Feb 01, 2013 02:59 AM EST
Western Lowland gorilla
Western Lowland gorilla
(Photo : Reuters)

A core population of western lowland gorillas in the Republic of Congo will be protected through a new national park, the Wildlife Conservation Society (WCS) announced Thursday.

The Republic of Congo government created the Ntokou-Pikounda National Park that covers an area of 1,765 square miles. The park has a remote swamp called "Green Abyss", which has a huge population of gorillas. The park currently houses 15,000 gorillas, 800 elephants and 950 chimpanzees, according to the WCS statement. 

"The Republic of Congo has shown the world its commitment to protect the largest population of gorillas on the planet," WCS president and CEO Cristián Samper said in the statement. "We commend the Congolese government for its leadership and foresight to set aside lands so that wildlife can flourish."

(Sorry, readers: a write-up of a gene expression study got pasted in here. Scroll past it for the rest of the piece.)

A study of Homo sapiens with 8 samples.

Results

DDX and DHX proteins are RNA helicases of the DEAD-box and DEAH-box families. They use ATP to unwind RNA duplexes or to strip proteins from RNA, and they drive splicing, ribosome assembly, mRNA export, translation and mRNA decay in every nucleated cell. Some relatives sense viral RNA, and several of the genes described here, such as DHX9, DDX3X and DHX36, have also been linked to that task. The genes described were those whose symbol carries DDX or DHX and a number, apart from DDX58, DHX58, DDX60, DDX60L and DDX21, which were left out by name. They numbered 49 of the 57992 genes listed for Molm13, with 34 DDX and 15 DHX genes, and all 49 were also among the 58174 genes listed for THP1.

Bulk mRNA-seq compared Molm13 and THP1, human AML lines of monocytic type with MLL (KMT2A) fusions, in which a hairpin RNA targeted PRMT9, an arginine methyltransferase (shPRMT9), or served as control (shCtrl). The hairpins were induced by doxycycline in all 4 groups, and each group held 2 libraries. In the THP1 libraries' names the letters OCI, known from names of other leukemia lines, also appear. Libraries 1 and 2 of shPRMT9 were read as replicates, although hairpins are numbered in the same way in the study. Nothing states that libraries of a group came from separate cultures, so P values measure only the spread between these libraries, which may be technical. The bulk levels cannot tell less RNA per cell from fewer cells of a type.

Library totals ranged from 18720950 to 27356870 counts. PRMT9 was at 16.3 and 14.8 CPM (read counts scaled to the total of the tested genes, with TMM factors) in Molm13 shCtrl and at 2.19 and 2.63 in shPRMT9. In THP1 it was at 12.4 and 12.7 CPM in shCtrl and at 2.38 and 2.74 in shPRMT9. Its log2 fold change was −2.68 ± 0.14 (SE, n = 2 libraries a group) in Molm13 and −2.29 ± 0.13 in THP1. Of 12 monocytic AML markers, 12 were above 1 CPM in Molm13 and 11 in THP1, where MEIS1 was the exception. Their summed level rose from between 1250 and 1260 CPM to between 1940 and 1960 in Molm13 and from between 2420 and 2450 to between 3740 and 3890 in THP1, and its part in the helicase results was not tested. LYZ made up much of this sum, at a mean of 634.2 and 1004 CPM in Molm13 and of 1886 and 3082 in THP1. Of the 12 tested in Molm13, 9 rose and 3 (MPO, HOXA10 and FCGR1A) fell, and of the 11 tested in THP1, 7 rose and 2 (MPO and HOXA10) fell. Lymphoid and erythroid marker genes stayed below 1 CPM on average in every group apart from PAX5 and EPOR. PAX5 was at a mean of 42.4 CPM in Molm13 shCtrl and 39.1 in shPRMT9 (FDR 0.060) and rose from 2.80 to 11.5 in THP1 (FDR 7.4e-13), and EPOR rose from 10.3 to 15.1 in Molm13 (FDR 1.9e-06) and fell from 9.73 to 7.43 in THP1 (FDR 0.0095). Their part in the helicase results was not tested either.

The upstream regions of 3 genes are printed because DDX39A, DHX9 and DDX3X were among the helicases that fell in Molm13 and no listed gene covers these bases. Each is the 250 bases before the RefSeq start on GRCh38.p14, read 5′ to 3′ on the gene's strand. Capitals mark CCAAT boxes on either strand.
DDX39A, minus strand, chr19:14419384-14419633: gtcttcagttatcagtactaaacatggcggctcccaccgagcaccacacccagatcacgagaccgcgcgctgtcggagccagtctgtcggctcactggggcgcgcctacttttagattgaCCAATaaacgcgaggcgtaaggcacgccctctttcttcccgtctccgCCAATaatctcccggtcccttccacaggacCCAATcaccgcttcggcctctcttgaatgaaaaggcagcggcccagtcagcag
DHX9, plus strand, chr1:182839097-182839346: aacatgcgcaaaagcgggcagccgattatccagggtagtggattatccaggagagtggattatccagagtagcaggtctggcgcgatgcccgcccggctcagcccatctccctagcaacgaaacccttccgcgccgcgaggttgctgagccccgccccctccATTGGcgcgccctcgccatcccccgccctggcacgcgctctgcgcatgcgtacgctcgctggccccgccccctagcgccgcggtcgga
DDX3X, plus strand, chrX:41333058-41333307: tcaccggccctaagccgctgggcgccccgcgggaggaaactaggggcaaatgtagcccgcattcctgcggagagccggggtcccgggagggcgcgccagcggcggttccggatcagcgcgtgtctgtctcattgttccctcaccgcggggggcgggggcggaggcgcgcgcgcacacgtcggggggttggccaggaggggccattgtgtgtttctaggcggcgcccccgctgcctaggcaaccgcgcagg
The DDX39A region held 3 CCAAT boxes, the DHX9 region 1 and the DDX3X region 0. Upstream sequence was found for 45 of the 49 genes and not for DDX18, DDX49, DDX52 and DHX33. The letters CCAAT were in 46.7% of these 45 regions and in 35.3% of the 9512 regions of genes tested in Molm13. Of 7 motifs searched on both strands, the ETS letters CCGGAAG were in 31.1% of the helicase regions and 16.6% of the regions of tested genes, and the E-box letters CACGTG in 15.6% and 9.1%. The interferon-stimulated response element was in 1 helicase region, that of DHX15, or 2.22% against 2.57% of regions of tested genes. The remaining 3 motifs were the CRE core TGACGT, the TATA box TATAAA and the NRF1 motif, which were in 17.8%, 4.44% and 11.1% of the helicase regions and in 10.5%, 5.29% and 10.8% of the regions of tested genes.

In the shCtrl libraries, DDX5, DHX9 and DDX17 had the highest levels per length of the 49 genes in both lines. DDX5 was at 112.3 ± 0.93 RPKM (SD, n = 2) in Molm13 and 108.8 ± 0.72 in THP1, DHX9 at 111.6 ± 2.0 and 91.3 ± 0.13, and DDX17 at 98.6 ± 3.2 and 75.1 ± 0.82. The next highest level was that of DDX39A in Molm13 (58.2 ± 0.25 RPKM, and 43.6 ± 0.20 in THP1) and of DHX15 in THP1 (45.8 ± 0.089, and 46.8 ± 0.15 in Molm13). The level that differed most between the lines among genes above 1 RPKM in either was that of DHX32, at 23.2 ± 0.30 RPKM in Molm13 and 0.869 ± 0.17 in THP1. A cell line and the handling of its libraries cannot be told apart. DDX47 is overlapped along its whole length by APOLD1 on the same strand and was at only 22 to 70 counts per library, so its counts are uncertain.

Gorillas are the largest of the primates and the closest relatives to chimpanzees and humans. The western lowland gorillas are one of the four subspecies of gorillas that include Mountain Gorillas (G. beringei beringei), Eastern Lowland Gorillas (G. beringei grauri) and Cross River Gorillas (G. gorilla diehli). Western lowland gorillas can be distinguished from their cousins by their smaller size, brown-gray coats and auburn chests.

The gorillas can be found in Cameroon, the Central African Republic, the Democratic Republic of Congo and Equatorial Guinea. The World Wildlife Fund (WWF) conservation group has classified the western lowland gorillas as "critically endangered". Deforestation, hunting for bushmeat and spread of the Ebola virus are the major threats faced by these gorillas.

The WWF report states that the population of the gorillas has declined by more than 60 percent in the last 20 to 25 years. In 2008, WCS carried out a census and discovered that there are 125,000 individual western lowland gorillas in the northern part of the Congo.